The overloading of Bahrain’s wastewater sector has become a critical problem for Manama in recent years. Existing sewage treatment plants have become so overloaded that untreated effluent is regularly being discharged into the sea, potentially leading to numerous environmental and health risks.

The commissioning of the 100,000 cubic-metre-a-day (cm/d) Muharraq sewage plant in June 2014, Bahrain’s first build-own-operate-transfer (BOOT) project, helped to alleviate the problem, but did not solve it.

Progress with the Tubli sewage treatment plant expansion and other planned projects, such as the Al-Madina al-Shamaliya sewage project, are vital if Manama is to deal with the country’s overloaded sewage infrastructure.

Many planned projects in Bahrain have been shelved or cancelled since, firstly, the financial downturn, and then the political protests which have blighted the country since 2011. The economic and political issues have reduced Manama’s capacity to fund important infrastructure schemes.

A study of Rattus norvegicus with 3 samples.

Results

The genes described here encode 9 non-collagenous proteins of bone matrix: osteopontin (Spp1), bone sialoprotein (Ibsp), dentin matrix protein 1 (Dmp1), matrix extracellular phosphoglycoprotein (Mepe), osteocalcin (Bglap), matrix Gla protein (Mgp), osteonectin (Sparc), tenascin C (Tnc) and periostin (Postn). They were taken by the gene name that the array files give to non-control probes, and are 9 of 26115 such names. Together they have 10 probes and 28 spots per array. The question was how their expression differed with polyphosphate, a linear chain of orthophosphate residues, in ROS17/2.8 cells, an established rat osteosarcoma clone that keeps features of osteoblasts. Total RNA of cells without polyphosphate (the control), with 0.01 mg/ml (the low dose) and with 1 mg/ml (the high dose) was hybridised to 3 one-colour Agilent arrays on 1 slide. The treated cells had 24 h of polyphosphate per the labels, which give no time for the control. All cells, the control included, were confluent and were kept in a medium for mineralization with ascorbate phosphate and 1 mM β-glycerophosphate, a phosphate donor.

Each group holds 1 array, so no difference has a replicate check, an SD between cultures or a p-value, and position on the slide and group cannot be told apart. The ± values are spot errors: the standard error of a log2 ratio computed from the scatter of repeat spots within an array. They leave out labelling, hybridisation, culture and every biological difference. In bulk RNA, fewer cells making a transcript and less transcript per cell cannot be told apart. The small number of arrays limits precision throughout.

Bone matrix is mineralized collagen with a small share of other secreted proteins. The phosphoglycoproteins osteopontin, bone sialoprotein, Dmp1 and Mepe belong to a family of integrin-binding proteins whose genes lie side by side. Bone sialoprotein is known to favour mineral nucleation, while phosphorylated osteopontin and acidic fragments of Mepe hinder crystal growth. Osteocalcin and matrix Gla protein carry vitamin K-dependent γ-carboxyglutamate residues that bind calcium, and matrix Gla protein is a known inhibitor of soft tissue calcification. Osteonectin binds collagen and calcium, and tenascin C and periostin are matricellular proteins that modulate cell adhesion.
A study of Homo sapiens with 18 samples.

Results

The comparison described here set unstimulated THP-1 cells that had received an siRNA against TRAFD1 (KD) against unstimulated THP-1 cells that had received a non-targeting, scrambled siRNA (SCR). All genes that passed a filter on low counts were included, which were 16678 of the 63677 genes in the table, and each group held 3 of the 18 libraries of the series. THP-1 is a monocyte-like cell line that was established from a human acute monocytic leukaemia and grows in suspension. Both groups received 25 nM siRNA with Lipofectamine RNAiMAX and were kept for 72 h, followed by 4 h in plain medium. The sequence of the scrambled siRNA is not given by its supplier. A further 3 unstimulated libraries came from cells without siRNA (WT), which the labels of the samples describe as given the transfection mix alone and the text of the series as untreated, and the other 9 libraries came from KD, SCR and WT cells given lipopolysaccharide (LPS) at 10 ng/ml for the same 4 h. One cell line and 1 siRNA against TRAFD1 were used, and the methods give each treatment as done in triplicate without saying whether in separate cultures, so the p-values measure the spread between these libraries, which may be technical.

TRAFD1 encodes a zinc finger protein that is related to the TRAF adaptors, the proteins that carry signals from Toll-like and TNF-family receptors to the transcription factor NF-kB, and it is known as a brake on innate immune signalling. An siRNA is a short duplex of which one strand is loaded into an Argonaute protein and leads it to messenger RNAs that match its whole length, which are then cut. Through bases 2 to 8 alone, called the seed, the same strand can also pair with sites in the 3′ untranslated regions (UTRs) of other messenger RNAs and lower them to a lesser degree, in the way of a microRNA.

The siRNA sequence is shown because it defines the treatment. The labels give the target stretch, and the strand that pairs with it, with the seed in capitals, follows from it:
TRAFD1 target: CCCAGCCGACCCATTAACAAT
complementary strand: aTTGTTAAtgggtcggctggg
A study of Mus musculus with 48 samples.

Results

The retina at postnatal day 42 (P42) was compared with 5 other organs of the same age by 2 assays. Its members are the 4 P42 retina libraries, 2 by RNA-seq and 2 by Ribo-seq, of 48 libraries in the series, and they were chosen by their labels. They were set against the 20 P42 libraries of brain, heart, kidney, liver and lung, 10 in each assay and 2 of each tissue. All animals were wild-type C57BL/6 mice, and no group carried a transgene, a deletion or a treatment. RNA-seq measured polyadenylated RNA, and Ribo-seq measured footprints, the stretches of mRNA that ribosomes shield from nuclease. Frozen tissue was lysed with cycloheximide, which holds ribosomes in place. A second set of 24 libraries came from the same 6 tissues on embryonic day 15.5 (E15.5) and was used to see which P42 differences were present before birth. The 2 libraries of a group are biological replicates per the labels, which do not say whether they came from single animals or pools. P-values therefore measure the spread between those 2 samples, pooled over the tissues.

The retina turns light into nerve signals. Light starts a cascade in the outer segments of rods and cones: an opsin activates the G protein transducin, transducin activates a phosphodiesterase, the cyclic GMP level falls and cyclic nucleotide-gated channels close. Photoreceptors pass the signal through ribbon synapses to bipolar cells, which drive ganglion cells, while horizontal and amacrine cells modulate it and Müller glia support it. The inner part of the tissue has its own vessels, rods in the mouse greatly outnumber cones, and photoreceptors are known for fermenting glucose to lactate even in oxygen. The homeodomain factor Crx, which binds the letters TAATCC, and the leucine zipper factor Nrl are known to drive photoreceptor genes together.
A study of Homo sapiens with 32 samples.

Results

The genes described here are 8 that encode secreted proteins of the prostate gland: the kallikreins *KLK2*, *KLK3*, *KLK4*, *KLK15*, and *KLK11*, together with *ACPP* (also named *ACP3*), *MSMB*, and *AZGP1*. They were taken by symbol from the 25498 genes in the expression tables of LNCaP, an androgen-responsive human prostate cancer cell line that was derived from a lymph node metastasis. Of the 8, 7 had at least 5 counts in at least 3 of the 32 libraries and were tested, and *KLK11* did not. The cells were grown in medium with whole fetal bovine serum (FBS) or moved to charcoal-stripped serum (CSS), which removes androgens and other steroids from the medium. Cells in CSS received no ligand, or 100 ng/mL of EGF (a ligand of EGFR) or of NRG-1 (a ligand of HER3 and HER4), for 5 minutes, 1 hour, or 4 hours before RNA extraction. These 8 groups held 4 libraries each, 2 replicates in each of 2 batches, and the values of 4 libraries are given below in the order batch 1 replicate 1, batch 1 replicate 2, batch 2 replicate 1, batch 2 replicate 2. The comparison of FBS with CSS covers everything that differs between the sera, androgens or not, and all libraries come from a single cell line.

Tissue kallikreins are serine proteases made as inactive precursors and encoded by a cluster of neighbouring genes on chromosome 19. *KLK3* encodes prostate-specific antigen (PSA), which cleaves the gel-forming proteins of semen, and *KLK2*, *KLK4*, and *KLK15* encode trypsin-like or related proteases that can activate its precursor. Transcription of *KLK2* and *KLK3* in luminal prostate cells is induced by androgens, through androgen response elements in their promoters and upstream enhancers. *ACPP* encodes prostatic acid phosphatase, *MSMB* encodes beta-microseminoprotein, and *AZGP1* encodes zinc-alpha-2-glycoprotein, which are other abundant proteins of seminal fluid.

The depth of government coffers are being further reduced by the drop in oil prices, and concerns have increased over the future of many long-stalled projects.

However, prospects for planned sewage and wastewater schemes are much brighter due to pledged support from GCC neighbours.

The Tubli project, which has been in the pipeline for several years, will be financed by the governments of Saudi Arabia and Kuwait, which means that Manama should now be able to press ahead with the tendering and award of the construction contract.

The support from its neighbours will allow Manama to address an issue that will continue to cause health and economic problems until it is adequately addressed. Now the finance has been made available, the government must ensure it moves swiftly to begin tackling the country’s sewage crisis.